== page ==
Canada's head of military procurement admits National Defence needs to reform the way it buys equipment and runs its major projects. But, he says, things are not as bad as they may seem.
"I would not say defence procurement is broken, nor would I say it's perfect by a long shot," said retired rear admiral Patrick Finn, the Defence Department's assistant deputy minister (materiel).
Finn pushed back at the growing criticism of the federal government's shipbuilding program, explaining that reports of soaring costs were not evidence of mismanagement.
"Until you actually pick the builder and sign a contract, the cost will go up and down," Finn said.
"We don't anticipate signing a contract for, 'here's a price, here's the number of ships, here's what we are going to do,' for another four to five years.
"And that is where people often will look at it and say things are broken because the estimates are changing."
An old hand at procurement
Finn's had a hand in procurement for years, and helped construct the multi-billion dollar National Shipbuilding Procurement Strategy.
That strategy was designed in 2008 to help smooth the production of what was then considered to be $39-billion worth of large ships.
But the projected cost of the various ship projects in that strategy has grown considerably, for both the Canadian Coast Guard and the navy.
Most notably, the price to build 15 new warships for the navy has more than doubled, from $14 billion to more than $30 billion. The total cost for those ships, known as Canadian Surface Combatants, sits at $42 billion when other costs are factored in. In all, that's $16 billion more than the $26.2-billion approved by the government for the program.
Finn was once the manager of the CSC program. He suggested that inability to accurately grapple with costs was just a function of the necessarily complicated process of major military procurements.
'Budgets are often set very early.' - Defence procurement chief Patrick Finn
"There is variability in the budgets. Budgets are often set very early, using parametric processes, early processes. It's difficult," Finn said.
"Early in these processes, we establish rough order of magnitude budgets. We try to be judicious about it."
That stands in contrast to what Finn's former superior, the head of the Royal Canadian Navy, said about the program.
Vice-Admiral Mark Norman told CBC News this month Canadians had not been given accurate information about the growing price of the new warships.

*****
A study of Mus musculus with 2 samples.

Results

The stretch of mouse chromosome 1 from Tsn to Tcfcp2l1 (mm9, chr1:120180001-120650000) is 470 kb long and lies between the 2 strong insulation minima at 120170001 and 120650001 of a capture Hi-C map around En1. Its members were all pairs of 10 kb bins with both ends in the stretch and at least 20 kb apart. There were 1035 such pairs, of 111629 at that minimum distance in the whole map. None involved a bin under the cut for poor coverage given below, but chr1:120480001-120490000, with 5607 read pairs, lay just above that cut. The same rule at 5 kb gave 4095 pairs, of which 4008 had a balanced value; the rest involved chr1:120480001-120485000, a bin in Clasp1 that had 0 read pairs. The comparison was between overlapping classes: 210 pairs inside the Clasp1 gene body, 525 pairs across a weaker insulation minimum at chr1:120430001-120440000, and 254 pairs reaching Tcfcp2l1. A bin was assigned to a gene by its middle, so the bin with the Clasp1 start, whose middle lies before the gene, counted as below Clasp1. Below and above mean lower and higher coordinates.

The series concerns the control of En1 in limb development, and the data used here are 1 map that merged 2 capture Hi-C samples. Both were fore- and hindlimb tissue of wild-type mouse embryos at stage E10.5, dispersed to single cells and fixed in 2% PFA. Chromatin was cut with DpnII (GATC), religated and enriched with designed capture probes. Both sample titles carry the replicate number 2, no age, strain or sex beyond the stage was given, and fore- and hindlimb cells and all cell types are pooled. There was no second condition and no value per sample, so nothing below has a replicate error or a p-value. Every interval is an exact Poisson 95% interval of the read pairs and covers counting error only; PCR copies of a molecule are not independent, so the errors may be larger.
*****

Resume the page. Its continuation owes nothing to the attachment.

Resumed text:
Norman said the budget trouble flowed from a lack of professional capacity and maturity across the shipbuilding sector in Canada, including inside government and the military.
"We didn't have that mature relationship. We didn't have the mature industry and so there was a lot of guessing and speculation going on. And to be quite blunt, we got a lot of it wrong," Norman said.
That extraordinary admission was controversial, but it earned Norman kudos from defence and politics-watchers for being brave enough to tell it like it is.
As the head of the navy, Norman's interest is in getting as many suitably capable ships as he can, a position that could be threatened by either overstating the navy's needs or asking the government to spend more than it is willing to spend.
What was extraordinary was Norman's willingness to publicly admit there was a problem that needed to be discussed.
But Finn suggested there was nothing out of the ordinary going on.
"When we get into the major projects, they go on for years, they probably will all have an issue at some time in their life cycle as a project, whether it's a technical issue because of the sophistication of it, or whether it's cost issues related to the increased price of steel," Finn said.
"Some of those things we can't anticipate."
Finn said the government was getting better at managing procurement, in particular following the creation of new departmental chief financial officers, whose role includes a kind of independent oversight of costing and forecasting.
Government promises change
But the previous government was nevertheless so frustrated with the slow pace of procurement and the bungled nature of some of the projects that it chose to overhaul the system.
It created a new Defence Procurement Strategy, including new policies and agencies to help provide oversight.
That project was very much the work of the Conservatives and it's not clear how much of it will continue, or for how long, under the Liberals.
Nevertheless, the current government has signalled its intention to come to grips with some of the problems that have plagued the shipbuilding strategy.
It's promising a new system to evaluate costs, launch quarterly public updates and provide annual reports to Parliament.
Public Services Minister Judy Foote is also hiring a shipbuilding expert to advise the government, filling a gap in expertise in her department, tasked with managing the ship program in conjunction with Finn's group at DND.